Batri are creating Wales’ first electric and hydrogen energy charging hub.
Wales’ first electric and hydrogen charging facility for vehicles is set to be created in Swansea.
The hub will provide zero carbon power for cars and public transport vehicles. It is the first time both electric and hydrogen power will be available on one site in Wales.
This is the latest element of the £1.7 billion renewable energy project in Swansea, which is being led by DST Innovations.
Talks are on-going with Swansea Council about land that could potentially accommodate the renewable energy transport hub.
Made possible by funding from the private sector, other features of the project include:
- A tidal lagoon with underwater turbines generating zero carbon power from the sea
- The largest floating solar panel facility in the UK
- A high-tech battery facility to store the renewable energy generated on site
- A manufacturing plant to make the high-tech batteries
- A hyper-scale data centre powered by renewable energy
- About 150 energy-efficient eco-homes anchored in the water
- Affordable waterfront housing powered by renewable energy
- An oceanic and climate change research centre
The project will create over 2,500 permanent jobs and support a further 16,000 jobs across Wales and the UK, while creating additional jobs during its construction. It can be delivered without the need for a UK Government subsidy.
The project would be sited along an extensive area of land and water, to the south of the Prince of Wales Dock in the SA1 area of Swansea.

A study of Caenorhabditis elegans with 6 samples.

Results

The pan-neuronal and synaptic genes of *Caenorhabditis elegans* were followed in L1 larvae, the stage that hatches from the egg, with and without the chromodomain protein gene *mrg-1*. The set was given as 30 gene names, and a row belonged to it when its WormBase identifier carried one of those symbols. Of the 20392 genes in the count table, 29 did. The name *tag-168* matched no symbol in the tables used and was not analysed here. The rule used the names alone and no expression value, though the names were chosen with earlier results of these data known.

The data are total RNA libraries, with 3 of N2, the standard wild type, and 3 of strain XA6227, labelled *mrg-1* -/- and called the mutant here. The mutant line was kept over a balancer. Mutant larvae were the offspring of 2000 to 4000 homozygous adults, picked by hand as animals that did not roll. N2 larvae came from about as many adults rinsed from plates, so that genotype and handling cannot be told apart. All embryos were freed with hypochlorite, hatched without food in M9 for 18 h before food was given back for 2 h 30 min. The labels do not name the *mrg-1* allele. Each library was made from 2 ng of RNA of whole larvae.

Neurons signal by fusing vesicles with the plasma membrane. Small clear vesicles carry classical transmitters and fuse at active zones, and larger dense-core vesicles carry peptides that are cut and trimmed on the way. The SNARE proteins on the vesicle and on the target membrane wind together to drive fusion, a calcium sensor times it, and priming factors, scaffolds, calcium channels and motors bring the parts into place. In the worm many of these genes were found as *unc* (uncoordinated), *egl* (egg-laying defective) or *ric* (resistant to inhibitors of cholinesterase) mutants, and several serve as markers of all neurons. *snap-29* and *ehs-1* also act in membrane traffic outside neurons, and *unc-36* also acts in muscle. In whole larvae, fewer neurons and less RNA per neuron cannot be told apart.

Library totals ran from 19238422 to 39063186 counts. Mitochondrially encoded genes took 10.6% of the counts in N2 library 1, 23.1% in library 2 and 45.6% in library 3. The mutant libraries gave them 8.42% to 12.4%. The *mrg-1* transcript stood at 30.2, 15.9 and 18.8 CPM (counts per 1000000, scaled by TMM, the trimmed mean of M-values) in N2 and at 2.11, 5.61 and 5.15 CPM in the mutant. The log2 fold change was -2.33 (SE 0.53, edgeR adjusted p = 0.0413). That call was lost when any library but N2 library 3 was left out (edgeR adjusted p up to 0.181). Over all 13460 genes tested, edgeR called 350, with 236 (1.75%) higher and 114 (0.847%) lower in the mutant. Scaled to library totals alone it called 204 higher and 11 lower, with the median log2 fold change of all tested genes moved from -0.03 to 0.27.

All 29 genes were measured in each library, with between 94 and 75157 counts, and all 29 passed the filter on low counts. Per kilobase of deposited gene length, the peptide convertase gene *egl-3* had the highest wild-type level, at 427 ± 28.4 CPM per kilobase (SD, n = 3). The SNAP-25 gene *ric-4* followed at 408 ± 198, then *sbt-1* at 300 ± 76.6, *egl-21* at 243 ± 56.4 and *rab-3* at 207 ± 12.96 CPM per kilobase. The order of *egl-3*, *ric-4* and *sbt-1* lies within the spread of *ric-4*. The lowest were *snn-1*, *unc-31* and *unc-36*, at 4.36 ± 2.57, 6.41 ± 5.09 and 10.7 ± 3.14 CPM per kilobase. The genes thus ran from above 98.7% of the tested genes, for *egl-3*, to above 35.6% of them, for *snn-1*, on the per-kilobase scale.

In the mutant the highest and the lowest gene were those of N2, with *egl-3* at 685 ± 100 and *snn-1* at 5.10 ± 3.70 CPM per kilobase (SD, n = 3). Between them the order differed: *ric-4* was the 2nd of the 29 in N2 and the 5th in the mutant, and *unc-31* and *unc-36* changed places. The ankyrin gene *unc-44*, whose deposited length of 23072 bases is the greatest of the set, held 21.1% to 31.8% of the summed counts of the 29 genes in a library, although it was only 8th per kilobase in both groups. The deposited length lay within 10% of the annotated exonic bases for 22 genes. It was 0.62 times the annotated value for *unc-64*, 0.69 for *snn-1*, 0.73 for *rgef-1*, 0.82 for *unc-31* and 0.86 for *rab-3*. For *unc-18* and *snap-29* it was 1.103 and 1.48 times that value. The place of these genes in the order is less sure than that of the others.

Discussions between DST Innovations and other landowners in the area are also on-going.
Cllr Rob Stewart, Swansea Council Leader, said: “There have been previous tidal lagoon proposals in recent years but what’s now being proposed by DST Innovations is a much-improved scheme because of the many additional elements it will also deliver.
“As well as a tidal lagoon, these elements include a large number of other state-of-the-art renewable energy facilities that will combine to create of thousands of well-paid jobs for local people and cut Swansea’s carbon footprint.
“It is a truly integrated energy project that’s capable of providing long-term, low cost energy – and importantly it can be delivered without the need for any UK Government subsidy.
“The renewable energy transport hub is an exciting addition to everything that’s been announced so far. With more and more electric cars on the road nowadays – and the move towards vehicles powered by hydrogen gathering pace too – facilities will be needed to charge these vehicles in the coming years.
“The transport hub help meet that demand and also potentially create hydrogen on site from 100% renewable energy sources.
“Facilities like this – which would have close links to walking and cycling routes – mean motorists can leave their cars to charge while heading to the city centre.
“More details will be announced as soon as we’re in a position to do so.”
The council has also applied to the UK Government for funding that would help cover the costs of road and access improvements to support the development.
Plenty of opportunities will be made available for local people to give feedback once more detailed proposals are available.
Subject to planning consent, work on site could start in 2023.